In Black & White


Title Page
Under the Hill

The Art of the Hoarding
Letters to his Critics
   Pall Mall Budget
   Daily Chronicle
   St. Paul’s
Table Talk
Lines upon Pictures
   St Rose of Lima

The Three Musicians
The Ballad of a Barber
Ave Atque Vale
The Celestial Lover
The Ivory Piece
Prospectus for Volpone

Appendix : Juvenilia
The Valiant
A Ride in an Omnibus
The Confession Album
The Courts of Love
Dante in Exile
Written in Uncertainty
The Morte Darthur

Enoch Soames

Under the Hill

The Valiant

A ballad

The valiant was a noble bark
         As ever ploughed the sea,
A noble crew she also had
         As ever there might be.

When once at night upon the deep
         The Valiant did sail,
Her captain saw a pirate ship
         By the moonlight dim and pale.

Then up he called his goodly crew
         And unto them thus spake:
“A musket and a cutlass sharp
         Each must directly take.

“For yonder see a pirate ship,
         Behold her flag so dark;
See now the gloomy vessel
         Makes straight for this our bark.”

Scarce had the Captain spoke those words
         Than a shot o’er his head did fly
From the deck of the pirate ship which now
         To the Valiant was hard by.

Approaching near, twelve desperate men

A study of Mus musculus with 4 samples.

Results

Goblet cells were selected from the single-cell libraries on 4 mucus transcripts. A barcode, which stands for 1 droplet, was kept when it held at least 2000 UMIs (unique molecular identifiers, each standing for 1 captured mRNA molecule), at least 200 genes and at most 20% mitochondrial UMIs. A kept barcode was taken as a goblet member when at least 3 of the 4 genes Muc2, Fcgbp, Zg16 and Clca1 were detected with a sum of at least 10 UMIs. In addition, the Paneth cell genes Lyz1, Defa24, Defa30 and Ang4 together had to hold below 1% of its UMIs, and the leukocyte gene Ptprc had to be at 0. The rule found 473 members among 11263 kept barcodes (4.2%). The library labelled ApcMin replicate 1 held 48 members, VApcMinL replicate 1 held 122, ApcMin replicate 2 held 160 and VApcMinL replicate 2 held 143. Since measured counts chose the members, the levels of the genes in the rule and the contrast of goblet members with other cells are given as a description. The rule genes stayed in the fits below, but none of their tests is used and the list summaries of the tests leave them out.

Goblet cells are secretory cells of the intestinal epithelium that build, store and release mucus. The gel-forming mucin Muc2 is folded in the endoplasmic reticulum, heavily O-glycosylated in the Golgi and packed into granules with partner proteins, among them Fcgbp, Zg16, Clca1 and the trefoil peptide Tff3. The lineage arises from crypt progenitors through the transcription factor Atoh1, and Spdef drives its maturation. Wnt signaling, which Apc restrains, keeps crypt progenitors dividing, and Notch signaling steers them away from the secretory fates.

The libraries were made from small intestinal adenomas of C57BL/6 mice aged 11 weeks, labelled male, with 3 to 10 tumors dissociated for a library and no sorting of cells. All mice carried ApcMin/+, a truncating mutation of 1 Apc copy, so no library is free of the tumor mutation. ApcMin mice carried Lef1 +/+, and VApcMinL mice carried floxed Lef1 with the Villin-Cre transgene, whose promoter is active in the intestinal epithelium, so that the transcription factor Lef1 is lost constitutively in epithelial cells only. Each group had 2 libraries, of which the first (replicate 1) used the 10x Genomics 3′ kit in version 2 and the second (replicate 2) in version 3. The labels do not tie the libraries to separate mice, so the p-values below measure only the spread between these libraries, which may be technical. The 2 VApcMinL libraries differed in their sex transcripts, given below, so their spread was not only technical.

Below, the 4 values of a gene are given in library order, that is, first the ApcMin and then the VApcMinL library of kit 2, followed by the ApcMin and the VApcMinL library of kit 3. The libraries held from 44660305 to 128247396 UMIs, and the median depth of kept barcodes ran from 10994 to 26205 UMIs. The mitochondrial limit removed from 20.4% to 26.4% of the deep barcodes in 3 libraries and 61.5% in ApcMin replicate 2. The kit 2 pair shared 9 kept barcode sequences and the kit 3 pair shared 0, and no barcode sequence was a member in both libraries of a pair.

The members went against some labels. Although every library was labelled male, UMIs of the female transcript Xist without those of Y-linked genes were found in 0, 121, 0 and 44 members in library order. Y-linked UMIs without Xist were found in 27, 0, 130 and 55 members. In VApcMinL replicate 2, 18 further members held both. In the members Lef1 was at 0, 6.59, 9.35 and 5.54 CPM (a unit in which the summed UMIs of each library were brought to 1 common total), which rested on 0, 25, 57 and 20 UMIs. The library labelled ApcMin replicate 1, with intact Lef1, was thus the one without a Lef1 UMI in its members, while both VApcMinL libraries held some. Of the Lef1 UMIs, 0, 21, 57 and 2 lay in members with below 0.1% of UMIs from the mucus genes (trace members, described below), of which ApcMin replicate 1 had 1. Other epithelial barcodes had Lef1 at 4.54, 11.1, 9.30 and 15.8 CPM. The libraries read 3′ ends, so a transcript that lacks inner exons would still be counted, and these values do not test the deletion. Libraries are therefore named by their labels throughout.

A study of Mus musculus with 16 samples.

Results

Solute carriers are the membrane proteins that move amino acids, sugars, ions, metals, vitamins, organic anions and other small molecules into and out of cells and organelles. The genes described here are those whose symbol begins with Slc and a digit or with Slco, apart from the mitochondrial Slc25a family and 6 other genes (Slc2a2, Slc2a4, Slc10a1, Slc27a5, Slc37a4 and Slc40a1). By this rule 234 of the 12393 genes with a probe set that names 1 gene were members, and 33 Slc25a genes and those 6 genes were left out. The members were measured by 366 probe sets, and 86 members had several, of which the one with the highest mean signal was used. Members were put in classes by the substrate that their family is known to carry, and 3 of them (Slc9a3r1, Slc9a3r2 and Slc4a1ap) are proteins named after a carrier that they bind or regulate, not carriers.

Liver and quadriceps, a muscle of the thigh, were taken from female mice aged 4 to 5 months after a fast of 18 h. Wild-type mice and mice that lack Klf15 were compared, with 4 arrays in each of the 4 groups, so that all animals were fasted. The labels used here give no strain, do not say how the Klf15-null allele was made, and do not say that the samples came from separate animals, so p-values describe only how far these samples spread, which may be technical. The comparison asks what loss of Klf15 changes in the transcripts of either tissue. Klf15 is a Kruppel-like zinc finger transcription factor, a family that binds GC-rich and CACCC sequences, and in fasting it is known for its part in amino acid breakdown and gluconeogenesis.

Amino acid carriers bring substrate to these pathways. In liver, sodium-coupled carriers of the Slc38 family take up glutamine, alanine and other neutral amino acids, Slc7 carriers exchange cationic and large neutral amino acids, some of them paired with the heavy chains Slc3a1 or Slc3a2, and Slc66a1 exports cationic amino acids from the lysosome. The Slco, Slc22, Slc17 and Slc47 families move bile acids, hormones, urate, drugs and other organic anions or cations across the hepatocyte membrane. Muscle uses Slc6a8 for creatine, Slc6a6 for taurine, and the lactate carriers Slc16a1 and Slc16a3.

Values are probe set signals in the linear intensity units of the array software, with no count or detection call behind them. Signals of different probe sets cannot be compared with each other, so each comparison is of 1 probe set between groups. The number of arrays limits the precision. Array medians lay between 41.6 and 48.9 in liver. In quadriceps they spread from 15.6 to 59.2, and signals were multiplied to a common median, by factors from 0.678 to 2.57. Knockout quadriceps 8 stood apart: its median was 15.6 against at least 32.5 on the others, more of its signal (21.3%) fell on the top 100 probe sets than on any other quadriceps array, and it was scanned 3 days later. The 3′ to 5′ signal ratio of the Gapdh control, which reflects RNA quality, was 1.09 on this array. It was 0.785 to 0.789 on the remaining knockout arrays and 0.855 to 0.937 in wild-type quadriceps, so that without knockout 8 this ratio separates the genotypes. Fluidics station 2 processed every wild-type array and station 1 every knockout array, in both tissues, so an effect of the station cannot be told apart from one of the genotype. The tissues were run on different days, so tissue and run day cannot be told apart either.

On the Valiant’s deck did leap,
But some there were less brave and strong
         Who to their ship did keep.

And then a moment afterwards
         Did a bloody fray ensue,
And as the time sped onward
         Fiercer the fray it grew.

“Come on!” the Valiant’s captain cried,
         “Come on, my comrades brave,
And if we die we shall not sink
         Inglorious ’neath the wave.”

When the morning came, and the men arose,
         The pirates, where were they?
The ship had sunk and all its crew;
         Dead ’neath the sea they lay.

¶ 1884. First published in Past and Present, the magazine of the Brighton Grammar School, Vol. X, No.2, June 1885, and thus the artist’s first published literary work. These lines were written the previous year, when he was twelve, and were apparently inspired by a popular childrens’ book of the day, The Lives of All the Notorious Pirates, for a while a great favourite with Beardsley and his schoolmates. Beardsley recited the poem on several occasions to considerable acclaim from both masters and boys in the school.